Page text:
X-Message-Number: 6068
From: Mark Muhlestein <>
Newsgroups: sci.cryonics
Subject: Re: Fear of the "unnatural"
Date: Fri, 12 Apr 1996 12:11:18 -0700
Message-ID: <>
References: <>

Marvin Minsky wrote:


> Roderick A. Carder-Russell wrote:
>> >       I will admit that the normal reaction is more along the lines of
> >shock and or entertainment as opposed to outright refusal to consider or
> >listen, etc..  I am speaking of the rare cases that I have lost people,
> >but the reaction of being afraid of the technology is found very
> >frequently in people in my area.
> What's the name of the sociologist who introduced the term 'cognitive
> dissonance"?  He observed that if you confront a person with a new
> idea that they don't like, the frequent result is that they'll move a
> bit in the direction of that idea, but they'll also like you less than
> before.

Leon Festinger introduced it in the 1956 book _When Prophesy Fails_.  It 
centers on the behavior of a group of people who believed in the 
writings of a woman who purported to have direct contact with space 
aliens and who made a series of dramatic predictions that failed.  The 
surprising observation was that in the face of obvious evidence to the 
contrary, the believers continued to accept the woman's writings, and 
many even belived more strongly. Other examples abound.  The lesson to 
me is that if people have a strong investment in a certain way of 
thinking, it is very difficult to convince them otherwise, regardless of 
how compelling or rational the evidence is.

I do agree though, that when a person is confronted with an idea they 
don't like but which looks plausable, there will be some elements in the 
mind that will be swayed toward the idea, and in that sense the person 
can be said to move toward the idea.  It also makes sense that the memes 
or agents currently in control of the mind will be offended by the idea, 
resulting in a desire to avoid more contact with its source.

My wife Judy recently had an interesting experience in this connection. 
One of the students in a medical class she was taking had an extremely 
negative reaction when the conversation turned to cryonics. She 
complained that cryonicists were trying to "play god" and that it wasn't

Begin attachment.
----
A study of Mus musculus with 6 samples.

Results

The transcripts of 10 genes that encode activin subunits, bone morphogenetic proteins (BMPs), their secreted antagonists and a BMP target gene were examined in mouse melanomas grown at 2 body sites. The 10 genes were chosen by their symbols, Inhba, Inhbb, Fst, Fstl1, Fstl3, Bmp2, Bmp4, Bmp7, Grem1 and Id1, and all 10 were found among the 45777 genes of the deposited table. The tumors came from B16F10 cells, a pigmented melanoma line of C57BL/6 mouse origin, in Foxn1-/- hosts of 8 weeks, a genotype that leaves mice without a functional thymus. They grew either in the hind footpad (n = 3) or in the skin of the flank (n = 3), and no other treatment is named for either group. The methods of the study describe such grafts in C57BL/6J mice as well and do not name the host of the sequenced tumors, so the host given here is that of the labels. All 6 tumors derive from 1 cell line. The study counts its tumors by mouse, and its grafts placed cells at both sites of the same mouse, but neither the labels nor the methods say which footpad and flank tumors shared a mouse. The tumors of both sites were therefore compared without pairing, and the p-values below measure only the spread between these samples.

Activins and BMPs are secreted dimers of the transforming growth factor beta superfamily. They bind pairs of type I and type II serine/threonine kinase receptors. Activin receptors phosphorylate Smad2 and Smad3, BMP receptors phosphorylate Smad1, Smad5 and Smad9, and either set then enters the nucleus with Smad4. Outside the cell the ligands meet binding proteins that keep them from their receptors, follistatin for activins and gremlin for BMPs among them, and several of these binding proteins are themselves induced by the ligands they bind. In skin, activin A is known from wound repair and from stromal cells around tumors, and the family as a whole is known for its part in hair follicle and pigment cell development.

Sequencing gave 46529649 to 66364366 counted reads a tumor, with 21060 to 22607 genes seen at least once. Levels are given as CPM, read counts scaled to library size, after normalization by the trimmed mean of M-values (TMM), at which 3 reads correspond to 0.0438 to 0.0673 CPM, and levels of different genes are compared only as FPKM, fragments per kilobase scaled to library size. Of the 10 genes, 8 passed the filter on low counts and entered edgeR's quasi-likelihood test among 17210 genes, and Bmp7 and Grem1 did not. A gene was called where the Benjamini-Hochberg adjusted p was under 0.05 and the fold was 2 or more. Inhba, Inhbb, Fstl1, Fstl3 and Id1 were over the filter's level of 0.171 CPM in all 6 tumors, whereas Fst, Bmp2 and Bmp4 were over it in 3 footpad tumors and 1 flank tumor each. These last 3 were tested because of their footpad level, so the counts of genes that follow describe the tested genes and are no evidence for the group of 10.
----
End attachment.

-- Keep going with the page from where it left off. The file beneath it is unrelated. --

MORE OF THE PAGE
fair for future generations, etc. She became very angry, and refused to 
sit by or talk to Judy as she had previously.

Judy felt bad about it, but she just more or less wrote off the 
friendship.  However, a couple of weeks later her friend approached her 
and started asking her questions about cryonics.  She apologized for her 
outburst, and said she was really interesed in finding out more about 
cryonics for herself and her husband. It turns out that she has an older 
sister who died recently of an inherited disease which she has a 50% 
chance of inheriting also.

I think much of her negative reaction had to do with the fact that the 
subject of cryonics forced her to think about the reality her own death, 
which is one of the most strongly censored and avoided areas of thought. 
At least some portion of her mind must have looked with favor on the 
idea though, and in the course of the next weeks no doubt a battle of 
sorts ensued among the "dissonant" cognitive elements.

> My old friend B.F.Skinner was aware of this, and enjoyed confronting
> free-will advocates with his deterministic theories.  I don't recall
> asking him about it, but my impression was that he felt a pleasing
> sense of accomplishment if they went away exclaiming that he
> must be a terrible person.

That's ok as long as you are right :-)

> I copied him.  It made me feel good, too.

You terrible person!

Mark Muhlestein -- 
Do not go gentle into that good night,
Rage, rage against the dying of the light.